Often nicknamed the “sunshine vitamin,” vitamin D is an important, but frequently misunderstood nutrient. Conflicting news reports and research touting the link between vitamin D and cancer prevention, or debating the pros and cons of vitamin D supplements, have only added to the confusion.
While the jury may still be out on vitamin D’s role in immunity or disease prevention, one thing is clear — our bodies need adequate vitamin D levels for proper health, according to Parthajeet Chowdhuri, MD, an internal medicine physician at Scripps Clinic Rancho Bernardo.
“Vitamin D helps our bodies absorb calcium and maintain normal levels of phosphorus, making our bones strong and helping to prevent rickets in children and osteoporosis in adults,” says Dr. Chowdhuri.
The nickname, the “sunshine vitamin,” originates from the simple fact that our bodies produce vitamin D when exposed to sunshine, specifically the sun’s ultraviolet (UV) rays. While many of us will get all the vitamin D we need from sun exposure, others will need to get vitamin D through other sources as well.
These include people who spend a lot of time indoors, whether it’s due to an office job or because you’re at home for health reasons. Additionally, while sunscreen use is critically important to preventing skin cancer, its continuous use may hamper vitamin D production because sunscreens help block UV rays.
“Of course people need to protect themselves against developing skin cancer. However, there are healthy, moderate levels of unprotected sun exposure that can be helpful in boosting vitamin D. We are not talking about sunbathing at the beach, but a short walk with exposed legs and arms can help.”
Vitamin D is found in some foods including egg yolks, cheese, pork, fortified milk and cereals and fatty fish such as salmon, tuna and mackerel.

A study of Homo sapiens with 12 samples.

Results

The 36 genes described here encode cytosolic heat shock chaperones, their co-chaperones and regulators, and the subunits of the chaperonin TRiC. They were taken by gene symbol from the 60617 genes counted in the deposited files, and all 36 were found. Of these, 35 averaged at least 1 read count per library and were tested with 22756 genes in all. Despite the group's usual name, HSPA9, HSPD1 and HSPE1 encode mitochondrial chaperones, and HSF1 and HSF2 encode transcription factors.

“While you can also purchase over-the-counter vitamin D supplements, please talk to your doctor before taking any to determine whether you actually need them and what dose is appropriate,” says Dr. Chowdhuri. “Too much vitamin D can be harmful to your health.”
Certain people are more prone to vitamin D deficiency. In addition to people with limited sun exposure, those who are at higher risk include the elderly, obese or those who have a darker skin complexion. Additionally, certain medical conditions such as celiac disease and Crohn’s disease can cause a deficiency of vitamin D.
Because symptoms of vitamin D deficiency may not be obvious, it’s important not to diagnose yourself. Your primary care doctor can check your vitamin D levels with a simple blood test. The Endocrine Society recommends between 40 and 60 nanograms per milliliter (ng/ml) for adults.
If you are vitamin D deficient, your doctor will work with you on a course of treatment that may include careful sun exposure (to minimize skin damage from UV rays) and the proper use of vitamin D supplements.